John Baird’s good-news trip to Latin America

Tease the day: The foreign affairs minister returns to Ottawa with plenty of good press

Sean Kilpatrick/CP

John Baird can win good press more easily than most of his colleagues in the federal cabinet. Last week, Baird assured the NDP’s Pat Martin during Question Period that Canada would never be a safe haven for zombies (“ever!”), and a video of the exchange had the world swooning over Canada’s adorable parliamentarians. That was funny Baird.

This week, the foreign affairs minister is wrapping up a trip to Latin America. Baird’s sojourn to Mexico, Cuba, Peru, Panama and the Dominican Republic was widely cast as a successful reinvigoration of Canada’s interests in the region. Wherever Baird travelled, good press followed. The Globe‘s Campbell Clark filed on the importance of the trip’s Mexican leg—spoiler: it’s all about trade. The Star‘s Tim Harper observed the quiet diplomacy at work on the trip, “proof that sharp elbows are not always needed on the world stage.” The trip, wrote Harper, was a deft move to improve relations in the region as Cubans and Venezuelans prepare for post-Castro and post-Chavez regimes, respectively.

To top off the trip, Baird talked away the Venezuelans backing off a meeting in Caracas, simply saying he hopes to “find another mutually convenient time” to meet with his counterparts in that country. The Venezuelan rebuff was left at that, mostly. And now Baird returns home, having secured a good news week for a government in Ottawa that could use the help.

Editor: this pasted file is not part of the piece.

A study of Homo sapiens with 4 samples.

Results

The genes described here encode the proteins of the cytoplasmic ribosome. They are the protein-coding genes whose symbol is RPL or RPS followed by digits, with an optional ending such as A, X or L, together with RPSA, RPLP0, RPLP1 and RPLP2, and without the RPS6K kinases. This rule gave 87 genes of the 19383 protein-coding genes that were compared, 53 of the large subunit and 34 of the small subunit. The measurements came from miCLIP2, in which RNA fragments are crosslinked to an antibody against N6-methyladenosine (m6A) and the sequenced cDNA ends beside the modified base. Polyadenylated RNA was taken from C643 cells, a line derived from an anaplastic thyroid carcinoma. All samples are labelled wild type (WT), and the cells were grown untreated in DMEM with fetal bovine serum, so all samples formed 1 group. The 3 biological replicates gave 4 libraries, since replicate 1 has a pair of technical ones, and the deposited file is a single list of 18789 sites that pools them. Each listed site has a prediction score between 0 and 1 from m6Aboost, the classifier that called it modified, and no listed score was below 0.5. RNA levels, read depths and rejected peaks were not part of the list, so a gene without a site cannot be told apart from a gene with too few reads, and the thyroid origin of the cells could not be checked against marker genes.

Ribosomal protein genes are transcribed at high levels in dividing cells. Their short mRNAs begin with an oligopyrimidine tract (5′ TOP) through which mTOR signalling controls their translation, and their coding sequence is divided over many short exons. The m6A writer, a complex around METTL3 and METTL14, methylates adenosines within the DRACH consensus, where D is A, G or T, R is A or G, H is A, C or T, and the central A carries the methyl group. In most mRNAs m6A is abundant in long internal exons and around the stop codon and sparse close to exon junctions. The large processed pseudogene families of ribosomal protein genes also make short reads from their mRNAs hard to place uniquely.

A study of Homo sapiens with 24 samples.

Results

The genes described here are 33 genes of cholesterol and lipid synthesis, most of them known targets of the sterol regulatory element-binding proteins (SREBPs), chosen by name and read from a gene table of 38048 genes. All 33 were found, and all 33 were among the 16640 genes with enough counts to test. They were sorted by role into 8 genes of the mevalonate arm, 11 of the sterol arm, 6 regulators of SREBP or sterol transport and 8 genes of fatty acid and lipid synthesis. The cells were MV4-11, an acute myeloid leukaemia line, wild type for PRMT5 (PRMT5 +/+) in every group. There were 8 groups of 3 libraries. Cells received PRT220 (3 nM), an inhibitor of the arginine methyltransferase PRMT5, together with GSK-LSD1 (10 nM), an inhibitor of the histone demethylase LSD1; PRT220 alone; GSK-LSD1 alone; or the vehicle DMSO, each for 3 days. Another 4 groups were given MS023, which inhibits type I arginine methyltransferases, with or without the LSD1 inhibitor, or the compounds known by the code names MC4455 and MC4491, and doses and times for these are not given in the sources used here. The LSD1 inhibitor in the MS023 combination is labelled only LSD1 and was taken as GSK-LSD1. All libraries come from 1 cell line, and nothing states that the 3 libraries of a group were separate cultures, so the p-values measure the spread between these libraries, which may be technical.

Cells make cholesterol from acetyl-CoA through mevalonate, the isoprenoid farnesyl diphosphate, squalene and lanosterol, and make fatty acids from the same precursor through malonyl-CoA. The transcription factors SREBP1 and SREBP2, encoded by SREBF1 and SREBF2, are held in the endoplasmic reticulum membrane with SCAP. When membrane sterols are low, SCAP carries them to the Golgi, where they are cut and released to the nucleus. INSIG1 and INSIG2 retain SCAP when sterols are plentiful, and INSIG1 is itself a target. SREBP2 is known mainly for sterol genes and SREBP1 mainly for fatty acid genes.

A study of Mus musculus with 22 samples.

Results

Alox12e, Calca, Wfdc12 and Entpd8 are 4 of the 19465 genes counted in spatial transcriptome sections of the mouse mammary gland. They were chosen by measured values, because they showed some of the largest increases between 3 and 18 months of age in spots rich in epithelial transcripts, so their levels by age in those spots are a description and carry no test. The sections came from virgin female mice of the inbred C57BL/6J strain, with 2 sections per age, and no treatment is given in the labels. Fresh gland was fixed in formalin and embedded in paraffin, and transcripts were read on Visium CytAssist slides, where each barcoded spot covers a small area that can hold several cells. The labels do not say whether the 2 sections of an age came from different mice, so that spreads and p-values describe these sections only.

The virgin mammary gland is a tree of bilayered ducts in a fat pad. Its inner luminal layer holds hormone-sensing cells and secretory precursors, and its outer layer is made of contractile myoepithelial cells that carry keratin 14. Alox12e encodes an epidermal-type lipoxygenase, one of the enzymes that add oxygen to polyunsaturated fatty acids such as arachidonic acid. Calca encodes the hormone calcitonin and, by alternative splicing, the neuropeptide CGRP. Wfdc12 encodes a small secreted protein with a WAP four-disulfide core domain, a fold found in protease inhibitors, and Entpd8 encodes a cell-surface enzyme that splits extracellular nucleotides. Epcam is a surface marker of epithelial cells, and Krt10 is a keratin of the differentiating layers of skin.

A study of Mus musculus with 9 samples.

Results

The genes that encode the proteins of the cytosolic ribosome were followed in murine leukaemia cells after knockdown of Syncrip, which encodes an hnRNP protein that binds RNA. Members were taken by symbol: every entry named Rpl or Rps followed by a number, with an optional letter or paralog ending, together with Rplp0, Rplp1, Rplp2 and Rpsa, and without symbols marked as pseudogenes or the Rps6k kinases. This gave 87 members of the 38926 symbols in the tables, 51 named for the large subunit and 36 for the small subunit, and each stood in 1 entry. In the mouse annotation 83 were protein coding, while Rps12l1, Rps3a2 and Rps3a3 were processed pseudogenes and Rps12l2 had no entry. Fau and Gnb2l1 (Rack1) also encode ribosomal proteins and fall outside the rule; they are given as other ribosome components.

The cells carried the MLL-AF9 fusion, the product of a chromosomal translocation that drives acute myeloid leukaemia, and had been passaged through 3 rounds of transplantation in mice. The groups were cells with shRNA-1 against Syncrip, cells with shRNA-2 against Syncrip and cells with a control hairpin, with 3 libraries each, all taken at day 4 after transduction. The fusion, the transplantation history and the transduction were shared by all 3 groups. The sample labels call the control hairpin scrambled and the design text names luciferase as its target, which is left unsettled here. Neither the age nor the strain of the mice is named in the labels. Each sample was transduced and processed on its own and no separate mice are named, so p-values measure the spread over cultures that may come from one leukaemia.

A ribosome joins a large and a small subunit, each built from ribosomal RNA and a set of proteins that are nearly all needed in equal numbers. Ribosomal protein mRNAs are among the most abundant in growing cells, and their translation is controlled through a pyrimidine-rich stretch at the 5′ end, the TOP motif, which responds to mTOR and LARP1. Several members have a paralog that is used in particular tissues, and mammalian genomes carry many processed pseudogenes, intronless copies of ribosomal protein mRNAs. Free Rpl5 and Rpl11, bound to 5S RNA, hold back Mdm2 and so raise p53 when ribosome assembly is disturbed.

What’s above the fold this morning?

The Globe and Mail leads with new documents detailing the multi-million-dollar cost of two cancelled Ontario gas plants. The National Post fronts the cost to Attawapiskat of blockading an ice road to the nearby De Beers diamond mine. The Toronto Star goes above the fold with Toronto’s new “sanctuary city” status, which will provide city services to undocumented migrants. The Ottawa Citizen leads with a pair of security threats involving Canada’s airports last year that had authorities across Canada on alert. iPolitics fronts a critical look at the new federal office for the promotion of religious freedom. leads with a judge’s pending decision in the bail hearing of accused murderer Oscar Pistorius. National Newswatch showcases a National Post brief on Senator Patrick Brazeau’s poetic return to Twitter last night.

Stories that will be (mostly) missed

1. Mountie firing. An RCMP officer who was dismissed after a raft of allegations, including assault of an ex-wife, won a review of his termination after the ex-wife’s testimony was questioned. 2. Asylum claimants. Asylum applications to Canada have plummeted since the government enacted controversial new rules that fast-track claims from a list of safe countries.
3. Death benefits. The Quebec government plans to hike payments to families who lose children to violent crime to $12,000, a significant boost from the current payout of $2,000. 4. Redford to D.C. Alberta Premier Alison Redford is heading to Washington, D.C., where she’s expected to promote her province’s record on the environment.